Cybersecurity incidents of all kinds happen frequently, but one of the most extreme occurred in mid-August, when two Danish cloud hosting firms – CloudNordic and AzeroCloud – paid the ultimate price following a ransomware attack: both organizations ceased to exist.
What happened to the two, says Bobby Cornwell, vice president of strategic partner enablement and integrations at cybersecurity vendor SonicWall, could have been avoided had proper measures and strategies been in place.
Instead, according to an article that appeared in Data Center Dynamics, after the attack they released the following statement: “Unfortunately, during the night of Friday 18-8-2023 at 04:00, CloudNordic/AzeroCloud was exposed to a ransomware attack, where criminal hackers shut down all systems. Websites, e-mail systems, customer systems, our customers’ websites, etc. Everything. A break-in that has paralyzed CloudNordic/AzeroCloud completely, and which also hits our customers hard.”
The article went on to say that Danish press reported that “hundreds” of companies had been impacted. Martin Haslund Johansson, director of the two firms, told Denmark’s Radio4 he was “furiously sad,” adding that “”I don’t expect that there will be any customers left with us when this is over.”
A translated version of another article that appeared on the web site of Radio4, a news and talk station, revealed the following: “Right now, the cyberattack is making life really difficult for the many medium-sized and smaller companies, because the attack has meant that they have lost … everything they have stored in their so-called cloud.”
Of note is that the perpetrators set the ransom at six bitcoins, which in August was valued at US$157,000, but a decision was made not to pay.
In a blog posted soon after the incident, Ofir Ashman, senior director of security research and intelligence at cybersecurity vendor ThreatStop Inc., wrote, “this devastating cyber attack resulted in the complete loss of most customers’ data and a total shutdown of the entire system infrastructure. The attack not only impacted the hosting providers themselves, but also left a trail of destruction among their numerous customers.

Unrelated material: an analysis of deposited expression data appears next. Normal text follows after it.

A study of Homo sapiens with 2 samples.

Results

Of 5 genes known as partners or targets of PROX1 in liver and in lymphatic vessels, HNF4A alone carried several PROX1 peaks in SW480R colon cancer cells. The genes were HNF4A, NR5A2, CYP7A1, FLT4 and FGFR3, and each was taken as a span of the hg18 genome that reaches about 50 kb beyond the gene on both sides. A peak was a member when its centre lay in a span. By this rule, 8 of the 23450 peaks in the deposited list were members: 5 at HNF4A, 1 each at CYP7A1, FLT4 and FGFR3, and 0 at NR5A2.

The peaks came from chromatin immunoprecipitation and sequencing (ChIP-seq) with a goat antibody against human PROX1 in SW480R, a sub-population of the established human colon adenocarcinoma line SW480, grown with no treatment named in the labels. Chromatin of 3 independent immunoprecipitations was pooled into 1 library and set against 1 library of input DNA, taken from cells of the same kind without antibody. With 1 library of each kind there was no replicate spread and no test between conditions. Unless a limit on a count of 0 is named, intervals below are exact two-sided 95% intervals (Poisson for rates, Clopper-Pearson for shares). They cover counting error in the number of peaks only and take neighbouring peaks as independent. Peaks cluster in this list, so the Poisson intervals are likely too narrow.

“The hosting providers’ principled stance against paying the ransom, besides the ultimate inability to restore customer data and the severe impact that created, underscores the challenge of handling ransomware attacks without conceding to cybercriminals. The repercussion of the attack cascaded into CloudNordic and AzeroCloud’s vast customer base. Hundreds of Danish firms were left grappling with the aftermath as they lost all cloud-stored data, including emails, documents and websites.”
Cornwell, who is based out of Atlanta Ga., contends that “this company had to be in some kind of turmoil, otherwise why would you let your entire customer base go like that?”
He also speculated that the fact that both companies would be subject to strict European laws may have also been a factor in not paying any ransom. “If someone breaches your system, you are at fault. I have to assume that if these guys did pay the ransom and found out the corporate data was indeed breached in some way, shape or form, the amount of fines were going to be 10-to-20-fold more that what the cost of the ransom would have been.”
The attack conceivably would not have happened, he said, with adequate security measures in place.
“You have to have a layered approach. Most every government in the world has a layered network. And the reason why they have a layered network is because they’re targeted and so they want to build checks and balances.”
The same approach is used by large organizations, he added: “I can’t just walk into Bank of America’s downtown Atlanta big corporate office, because I have to go through so many different layers of security, just to get into the elevator. Why is that? Because they want to make sure that one person doesn’t make a mistake and let some bad actor in.
“Why is your network any different? Your network is the front door of your data, and if that’s all your customers information in the backend, why would you only have a single doorway? That’s where I think a lot of companies tend to make that mistake. They tend to put all their eggs in one basket, and they don’t layer it.”
Ashman wrote that the attack serves as a “cautionary tale for businesses, highlighting the disastrous consequences that may occur as a result of inadequate cybersecurity measures. This devastating attack has had a profound impact on both the companies and their extensive customer base, resulting in the loss of crucial data and significant disruptions to operations.
“Cloud hosting providers must keep their security commitment to customers and ensure the protection of their data and systems. As ransomware continues to rise and expand, the importance of vigilance, resilience, and proactive security strategies becomes ever more evident.”